Basically, I hate all of the ceiling fixtures in my house.
March 13, 2008 1:21 PM   Subscribe

I need suggestions on replacing light fixtures in my home. I am looking for advice and opinions on what to do with ceiling fixtures/lighting in relatively small rooms.

Most of the rooms in my house are pretty small, with relatively low ceilings. My house is about 1250 sq ft, has 3 bedrooms. and was built in the 1950s. I am having a really hard time making decisions about what to do with the fixtures.

The bedroom and the kitchen both had lights and ceiling fans. The house has central air, so I am thinking about removing both of the fans and haven't decided what to do about the fixtures. In the kitchen, the ceiling space is so limited that you couldn't even open some cabinet doors while the fan was running so I am definitely getting rid of the fan there.

I am considering the following options for the kitchen, and 3 bedrooms that all have ceiling fixtures:

Kitchen: regular fixture, recessed lighting, or "modern track lighting"
Bedrooms: regular fixtures or removing the fixtures entirely and just having floor or table lamps.

I have looked a lot at ceiling fixtures and don't find much I like. The only place I've really found some stuff I like is Restoration Hardware. And because the room are small and the ceilings are not high, you really notice the fixtures.

Please let me know what you've done to modernize light fixtures in your home and especially if you are working with small spaces. Money isn't a huge issue, I would rather hire an electrician to put in recessed lighting than have a fixture there that I don't like.
posted by hazyspring to Home & Garden (5 answers total) 5 users marked this as a favorite
 
I'd keep the fans in the bedroom - helps move the hot/cold air around - can make heating/cooling more efficient. Most ceiling fans have winter/summer switches to accomplish this. Update them if they are old fashioned and not to your liking. Plus, the fans can really cool off a room in the summer when you don't want to run the central AC.
posted by jerseygirl at 1:35 PM on March 13, 2008


You could try the lighting advice page at Rejuvenation here. Enter the specs on each room and see what they come up with. They have both '50s era and contemporary fixtures.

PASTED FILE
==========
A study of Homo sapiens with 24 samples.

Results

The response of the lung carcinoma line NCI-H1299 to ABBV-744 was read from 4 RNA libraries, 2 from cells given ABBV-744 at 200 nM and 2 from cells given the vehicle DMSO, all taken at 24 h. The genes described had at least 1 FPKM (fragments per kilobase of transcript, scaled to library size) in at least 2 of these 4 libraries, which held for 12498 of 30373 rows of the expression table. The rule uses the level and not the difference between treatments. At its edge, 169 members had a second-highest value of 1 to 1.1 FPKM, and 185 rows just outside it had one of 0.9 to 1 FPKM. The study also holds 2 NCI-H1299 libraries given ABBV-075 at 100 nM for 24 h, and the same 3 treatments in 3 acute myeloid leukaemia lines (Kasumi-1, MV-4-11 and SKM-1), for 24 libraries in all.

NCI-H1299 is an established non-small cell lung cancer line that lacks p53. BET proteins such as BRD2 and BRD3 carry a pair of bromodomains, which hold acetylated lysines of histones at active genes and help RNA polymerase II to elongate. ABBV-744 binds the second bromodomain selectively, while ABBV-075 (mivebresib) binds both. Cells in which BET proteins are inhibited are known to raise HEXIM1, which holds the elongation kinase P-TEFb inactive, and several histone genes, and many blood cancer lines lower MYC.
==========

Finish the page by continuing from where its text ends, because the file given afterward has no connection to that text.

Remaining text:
posted by lunaazul at 2:53 PM on March 13, 2008


I second Rejuvenation. They have some wonderful retro light fixtures as well which would work with your 50s house. The catalog is full of amazing stuff - if you go online and order a catalog you should have it within a week.
posted by Ostara at 4:37 PM on March 13, 2008


It's not a direct answer to your question but I'd like to alert you to some thing that surprised me when we did something similar recently.

A lot (maybe 'almost all') of recessed down lighting is halogen based. These produce a lot of heat and as a result you need to do one of two things to reduce the associated fire hazard : place a fireproof enclosure over the top each one or ; cut holes in the ceiling insulation (I'm not an electrician so don't take my word for that but that's what I understand).

In fact we weren't presented with the fireproof enclosure option is was simply 'cut holes in the ceiling insulation'. This sounded like madness - first use a type of bulb which is pretty power hungry to start with and then cut holes in your ceiling insulation so that your room requires more power to heat it.

There are other, non-halogen, types of recessed down lighters (eg http://www.fozzlighting.com/) and maybe the fireproof enclosure option is the way to go if you want halogens but just be alert to this type of thing when reviewing options because it amazed me how low a priority was placed on power consumption when discussing options with the architect/lighting designers.
posted by southof40 at 4:43 PM on March 13, 2008 [1 favorite]


As for fixtures, I love Hubbardton Forge. They can be expensive, but their ceiling fixtures were the only ones I liked for our foyer and hall after months of searching (no nipples!). I don't care for their floor or table lamps which are more craftsman than I like, but a lot of their sconces, pendants and ceiling fixtures are nice and sleek.
posted by evening at 5:53 PM on March 13, 2008


« Older Can Opera browser bookmark all open tabs in one...   |   Starving Artist seeks funding Newer »
This thread is closed to new comments.